Ford has detailed its multi-million dollar plans to build autonomous vehicles in Michigan, part of a $1.45 billion scheme to reinvent its auto business and catch up in electrification. The news comes shortly after Ford unveiled its first all-electric crossover, the 2021 Mustang Mach-E, which has already proved controversial among muscle-car fans.
For EV fans, the prospect of a relatively affordable electric crossover with as much as 300 miles of EPA-rated range is unsurprisingly appealing. Long-time Mustang enthusiasts, however, have been less welcoming, arguing that the new car dilutes the storied nameplate.
Whatever the opinion, reservation demand has seemingly been strong, and now Ford is ramping up preparations for production kicking off later in 2020. It’s not the automaker’s only planned EV, however. In Dearborn, the company is preparing to bring another of its most famous brands into the electric age.
Dearborn will be the location for electric F-150 production, and Ford says it’s pumping around $700m into the facility. That’ll involve 300 new jobs, too, focused on both the F-150 hybrid and a fully-electric F-150 too. A new facility in Dearborn will be responsible for producing the battery packs for the two trucks, assembling battery cells into arrays.
In the pipeline, Ford’s autonomous rollout
Elsewhere in Michigan, new facilities will be looking at making cars that don’t require drivers. The Wayne, MI plant will be the home of modifications for the upcoming Ford Bronco, alongside the Ford Ranger, with an expected $750 million investment and 2,700 new jobs added over the next three years.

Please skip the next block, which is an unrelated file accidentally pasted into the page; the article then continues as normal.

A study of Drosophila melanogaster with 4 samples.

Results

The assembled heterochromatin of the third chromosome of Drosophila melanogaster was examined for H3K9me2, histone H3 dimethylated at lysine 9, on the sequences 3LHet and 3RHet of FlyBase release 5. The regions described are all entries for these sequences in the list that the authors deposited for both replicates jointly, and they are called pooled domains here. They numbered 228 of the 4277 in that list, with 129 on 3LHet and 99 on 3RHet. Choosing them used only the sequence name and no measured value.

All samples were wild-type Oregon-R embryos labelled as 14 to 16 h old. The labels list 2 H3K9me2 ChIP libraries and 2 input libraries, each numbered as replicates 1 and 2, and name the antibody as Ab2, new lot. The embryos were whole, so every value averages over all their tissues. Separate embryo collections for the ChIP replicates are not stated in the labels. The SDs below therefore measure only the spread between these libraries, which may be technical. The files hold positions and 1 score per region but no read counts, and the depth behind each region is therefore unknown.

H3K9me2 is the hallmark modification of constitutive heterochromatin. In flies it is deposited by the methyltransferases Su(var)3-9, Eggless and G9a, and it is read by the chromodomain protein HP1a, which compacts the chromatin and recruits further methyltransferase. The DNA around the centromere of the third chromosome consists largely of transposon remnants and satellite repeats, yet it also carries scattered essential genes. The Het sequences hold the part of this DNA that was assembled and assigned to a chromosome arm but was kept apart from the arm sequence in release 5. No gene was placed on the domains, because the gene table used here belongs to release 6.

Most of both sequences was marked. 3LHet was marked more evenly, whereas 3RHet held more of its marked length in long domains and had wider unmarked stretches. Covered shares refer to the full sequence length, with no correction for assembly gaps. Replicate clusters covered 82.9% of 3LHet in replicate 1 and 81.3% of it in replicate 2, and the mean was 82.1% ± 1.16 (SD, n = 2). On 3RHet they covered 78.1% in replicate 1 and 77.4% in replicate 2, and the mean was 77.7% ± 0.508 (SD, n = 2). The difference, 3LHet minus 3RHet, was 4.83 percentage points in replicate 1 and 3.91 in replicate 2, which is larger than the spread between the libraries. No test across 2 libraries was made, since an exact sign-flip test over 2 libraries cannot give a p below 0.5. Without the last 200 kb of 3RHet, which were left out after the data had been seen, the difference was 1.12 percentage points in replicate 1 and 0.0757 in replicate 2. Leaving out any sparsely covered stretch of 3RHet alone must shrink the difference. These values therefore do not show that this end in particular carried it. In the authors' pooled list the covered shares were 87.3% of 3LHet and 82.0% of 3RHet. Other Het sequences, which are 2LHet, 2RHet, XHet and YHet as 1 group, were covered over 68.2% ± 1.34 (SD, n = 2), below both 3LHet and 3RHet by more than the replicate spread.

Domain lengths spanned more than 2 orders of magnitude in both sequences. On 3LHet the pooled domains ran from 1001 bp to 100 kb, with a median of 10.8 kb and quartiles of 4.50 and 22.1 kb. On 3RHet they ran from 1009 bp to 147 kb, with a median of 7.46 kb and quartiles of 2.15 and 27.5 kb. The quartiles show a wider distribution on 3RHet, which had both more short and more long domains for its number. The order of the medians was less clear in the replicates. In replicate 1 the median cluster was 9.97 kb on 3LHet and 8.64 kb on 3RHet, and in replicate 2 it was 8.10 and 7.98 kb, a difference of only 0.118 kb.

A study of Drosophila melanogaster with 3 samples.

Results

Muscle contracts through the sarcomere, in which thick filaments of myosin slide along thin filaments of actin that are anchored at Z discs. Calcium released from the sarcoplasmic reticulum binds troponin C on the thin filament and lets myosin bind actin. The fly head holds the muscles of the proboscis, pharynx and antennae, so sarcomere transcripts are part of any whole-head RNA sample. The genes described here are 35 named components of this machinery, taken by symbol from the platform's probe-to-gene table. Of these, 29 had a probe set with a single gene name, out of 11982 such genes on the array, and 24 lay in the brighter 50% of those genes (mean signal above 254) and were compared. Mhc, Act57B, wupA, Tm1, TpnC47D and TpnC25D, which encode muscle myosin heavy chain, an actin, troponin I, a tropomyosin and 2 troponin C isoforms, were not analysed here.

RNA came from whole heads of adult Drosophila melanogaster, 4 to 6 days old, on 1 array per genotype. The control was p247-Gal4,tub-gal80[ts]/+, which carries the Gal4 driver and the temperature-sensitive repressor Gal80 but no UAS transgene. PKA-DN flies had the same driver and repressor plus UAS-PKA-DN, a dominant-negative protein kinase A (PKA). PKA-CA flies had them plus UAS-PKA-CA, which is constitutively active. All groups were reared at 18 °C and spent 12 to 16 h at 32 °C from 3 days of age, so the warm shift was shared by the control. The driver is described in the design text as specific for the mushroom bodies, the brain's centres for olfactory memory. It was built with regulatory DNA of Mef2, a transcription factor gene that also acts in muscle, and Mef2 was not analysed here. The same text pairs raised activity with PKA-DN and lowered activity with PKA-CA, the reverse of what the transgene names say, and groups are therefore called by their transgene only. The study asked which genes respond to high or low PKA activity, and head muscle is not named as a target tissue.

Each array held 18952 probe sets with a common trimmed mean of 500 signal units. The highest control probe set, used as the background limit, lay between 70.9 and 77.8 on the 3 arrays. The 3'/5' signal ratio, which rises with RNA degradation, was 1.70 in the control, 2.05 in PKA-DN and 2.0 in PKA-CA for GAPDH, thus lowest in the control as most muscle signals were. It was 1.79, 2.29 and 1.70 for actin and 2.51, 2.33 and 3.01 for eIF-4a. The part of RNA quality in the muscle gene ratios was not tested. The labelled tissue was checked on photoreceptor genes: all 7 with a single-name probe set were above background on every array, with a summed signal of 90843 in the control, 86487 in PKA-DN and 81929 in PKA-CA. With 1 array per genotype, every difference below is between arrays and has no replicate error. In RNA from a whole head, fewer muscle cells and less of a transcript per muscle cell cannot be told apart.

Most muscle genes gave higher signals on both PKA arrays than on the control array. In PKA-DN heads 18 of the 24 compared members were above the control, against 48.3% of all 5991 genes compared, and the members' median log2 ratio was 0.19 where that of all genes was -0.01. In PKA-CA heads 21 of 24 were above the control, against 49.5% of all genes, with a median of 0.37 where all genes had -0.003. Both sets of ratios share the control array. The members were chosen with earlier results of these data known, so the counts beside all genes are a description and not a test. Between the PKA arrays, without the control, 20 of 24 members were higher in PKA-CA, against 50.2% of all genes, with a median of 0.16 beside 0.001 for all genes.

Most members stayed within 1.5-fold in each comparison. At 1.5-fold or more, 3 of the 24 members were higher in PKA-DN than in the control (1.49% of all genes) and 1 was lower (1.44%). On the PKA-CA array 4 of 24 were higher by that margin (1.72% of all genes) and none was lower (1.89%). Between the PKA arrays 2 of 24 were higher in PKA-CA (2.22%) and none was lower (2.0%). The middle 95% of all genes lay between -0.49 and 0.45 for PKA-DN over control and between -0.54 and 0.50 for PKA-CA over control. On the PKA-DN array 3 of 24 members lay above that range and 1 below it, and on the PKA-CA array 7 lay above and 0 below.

From 2021, Ford expects Wayne to be the home of the Autonomous Vehicle, Bronco and Ranger modification center. That will be used to install “unique self-driving technology and unique purpose-built interiors” into the cars.
The new Bronco will be unveiled in spring 2020, and will be manufactured at the Ford Michigan Assembly Plant alongside the Ranger. 2020 will also see the F-150 hybrid make its debut, with the fully electric F-150 following “soon after,” Ford says. Both will be built at Dearborn Truck Plant.
It won’t be Ford’s only electric push into the truck segment, mind. Lincoln, the automaker’s luxury arm, is also believed to be readying an EV vehicle of its own, said to be based on the Rivian skateboard platform. Ford invested in Rivian earlier this year, and committed to building a new utility vehicle on the company’s all-electric architecture, separate from the electric F-150 that had already been confirmed.